1. Vol. 74 No. 6, p. 933-936
    Received: Sept 14, 1981


  1. K. J. O'Neil and
  2. R. N. Carrow2



Soil compaction and efficient use of irrigation water are important concerns of turfgrass managers. This field study examined effects of soil compaction on growth and water utilization of a cool-season turfgrass species under different irrigation programs.

A 2-year-old stand of Poa pratensis L., ‘Baron,‘ on a fine, montmorillonitic mesic Aquic Arguidoll soil, was subjected to four treatments resulting from a factorial design with two levels of compaction (none and 30 passes per week with roller) and two levels of irrigation (set schedule of 3.8 cm water per week plus rainfall and 3.8 cm when tensiometer at 10 cm depth read −0.70 bar).

Soil compaction had no effect on root weight or distribution. Visual quality, shoot density, verdure, and percent total cover were reduced by compaction while total nonstructural carbohydrates (TNC) were unaffected. In the surface 3 cm of soil, compaction increased bulk density and moisture retention but reduced aeration porosity at −0.1 bar from 18.1 to 12.5%. Irrigation treatment had no effect on any of the soil physical properties.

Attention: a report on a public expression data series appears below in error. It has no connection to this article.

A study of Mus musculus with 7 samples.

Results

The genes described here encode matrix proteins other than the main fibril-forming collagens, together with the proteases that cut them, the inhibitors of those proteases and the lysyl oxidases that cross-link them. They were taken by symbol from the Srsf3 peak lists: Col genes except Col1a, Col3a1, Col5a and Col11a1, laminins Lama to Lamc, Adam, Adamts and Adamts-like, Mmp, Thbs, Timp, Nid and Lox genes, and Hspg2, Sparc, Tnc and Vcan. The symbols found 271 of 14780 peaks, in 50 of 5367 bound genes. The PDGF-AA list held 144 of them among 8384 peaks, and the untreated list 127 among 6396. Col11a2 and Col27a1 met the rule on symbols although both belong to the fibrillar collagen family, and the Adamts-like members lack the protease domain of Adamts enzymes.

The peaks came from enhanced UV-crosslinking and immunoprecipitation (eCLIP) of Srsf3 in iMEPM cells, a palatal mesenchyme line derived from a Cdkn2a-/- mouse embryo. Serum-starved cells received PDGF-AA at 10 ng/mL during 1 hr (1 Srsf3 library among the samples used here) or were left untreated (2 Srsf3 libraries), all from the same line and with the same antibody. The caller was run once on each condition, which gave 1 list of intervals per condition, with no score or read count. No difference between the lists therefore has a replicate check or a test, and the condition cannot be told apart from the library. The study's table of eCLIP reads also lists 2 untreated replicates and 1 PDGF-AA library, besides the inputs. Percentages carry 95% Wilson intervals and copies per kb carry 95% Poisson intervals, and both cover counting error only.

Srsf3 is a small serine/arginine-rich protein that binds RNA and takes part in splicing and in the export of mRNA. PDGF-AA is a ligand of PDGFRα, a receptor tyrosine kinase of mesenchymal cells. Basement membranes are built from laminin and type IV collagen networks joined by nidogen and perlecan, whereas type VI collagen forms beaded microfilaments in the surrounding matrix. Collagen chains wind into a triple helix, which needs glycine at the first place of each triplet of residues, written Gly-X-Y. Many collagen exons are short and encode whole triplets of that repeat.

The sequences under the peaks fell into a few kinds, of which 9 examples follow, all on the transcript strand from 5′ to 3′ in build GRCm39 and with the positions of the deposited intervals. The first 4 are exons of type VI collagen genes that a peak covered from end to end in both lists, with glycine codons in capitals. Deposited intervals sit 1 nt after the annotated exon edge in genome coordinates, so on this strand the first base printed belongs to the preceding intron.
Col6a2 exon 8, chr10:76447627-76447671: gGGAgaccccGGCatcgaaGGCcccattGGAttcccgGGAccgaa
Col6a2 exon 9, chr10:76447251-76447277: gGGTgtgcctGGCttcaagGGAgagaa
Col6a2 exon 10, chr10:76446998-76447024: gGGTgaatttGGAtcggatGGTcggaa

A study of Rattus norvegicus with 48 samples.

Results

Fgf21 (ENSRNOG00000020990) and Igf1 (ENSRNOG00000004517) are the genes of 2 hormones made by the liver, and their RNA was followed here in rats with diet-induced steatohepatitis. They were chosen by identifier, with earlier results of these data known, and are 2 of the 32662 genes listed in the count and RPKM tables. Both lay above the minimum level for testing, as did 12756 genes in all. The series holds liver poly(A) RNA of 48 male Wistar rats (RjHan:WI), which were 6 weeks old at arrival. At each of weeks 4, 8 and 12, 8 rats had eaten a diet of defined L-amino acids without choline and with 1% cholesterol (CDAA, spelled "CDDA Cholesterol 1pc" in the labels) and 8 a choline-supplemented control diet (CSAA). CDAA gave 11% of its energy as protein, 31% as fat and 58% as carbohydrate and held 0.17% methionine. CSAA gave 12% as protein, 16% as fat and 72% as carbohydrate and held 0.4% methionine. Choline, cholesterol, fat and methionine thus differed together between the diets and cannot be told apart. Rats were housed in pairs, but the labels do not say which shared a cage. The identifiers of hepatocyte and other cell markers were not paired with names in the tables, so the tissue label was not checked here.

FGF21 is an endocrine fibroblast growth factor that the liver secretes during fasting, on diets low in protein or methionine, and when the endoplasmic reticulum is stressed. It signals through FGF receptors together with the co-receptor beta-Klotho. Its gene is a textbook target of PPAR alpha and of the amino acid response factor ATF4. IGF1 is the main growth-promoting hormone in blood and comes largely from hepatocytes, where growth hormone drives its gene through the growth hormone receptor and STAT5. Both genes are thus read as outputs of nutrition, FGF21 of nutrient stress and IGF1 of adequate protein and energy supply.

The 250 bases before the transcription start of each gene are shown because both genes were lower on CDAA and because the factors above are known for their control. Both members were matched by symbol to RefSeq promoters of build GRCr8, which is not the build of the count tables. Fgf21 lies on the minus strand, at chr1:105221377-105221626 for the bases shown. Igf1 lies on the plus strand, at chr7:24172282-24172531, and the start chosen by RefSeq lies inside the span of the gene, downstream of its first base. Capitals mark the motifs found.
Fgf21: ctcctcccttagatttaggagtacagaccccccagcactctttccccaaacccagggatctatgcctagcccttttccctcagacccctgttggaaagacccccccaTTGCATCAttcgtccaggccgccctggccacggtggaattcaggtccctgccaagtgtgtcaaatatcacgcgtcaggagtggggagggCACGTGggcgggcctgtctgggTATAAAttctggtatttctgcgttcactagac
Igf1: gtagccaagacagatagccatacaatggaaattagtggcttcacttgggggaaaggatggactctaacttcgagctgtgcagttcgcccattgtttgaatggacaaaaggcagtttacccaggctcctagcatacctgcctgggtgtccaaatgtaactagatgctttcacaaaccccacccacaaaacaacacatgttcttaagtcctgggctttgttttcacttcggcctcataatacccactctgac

Without affecting turf quality, water use with tensiometer was reduced by 28 and 48% on noncompacted and compacted areas, respectively, compared to set-schedule irrigated plots. Water use over a 9-day period in August indicated that the turf grown under the tensiometer scheduled regime was physiologically or anatomically adapted to use less water even when it was available. This adaptation was not due to differences in vegetative or root growth in this study.

Compaction reduced water use by 20% over the 4 month study. During a 9-day period in August, compaction reduced water use by 3.5 to 11% for the tensiometer and set-scheduled treatments, respectively. This response appeared to be due primarily to altered moisture retention properties and reduced shoot growth. Thus, compacted and noncompacted sites should be irrigated on separate schedules.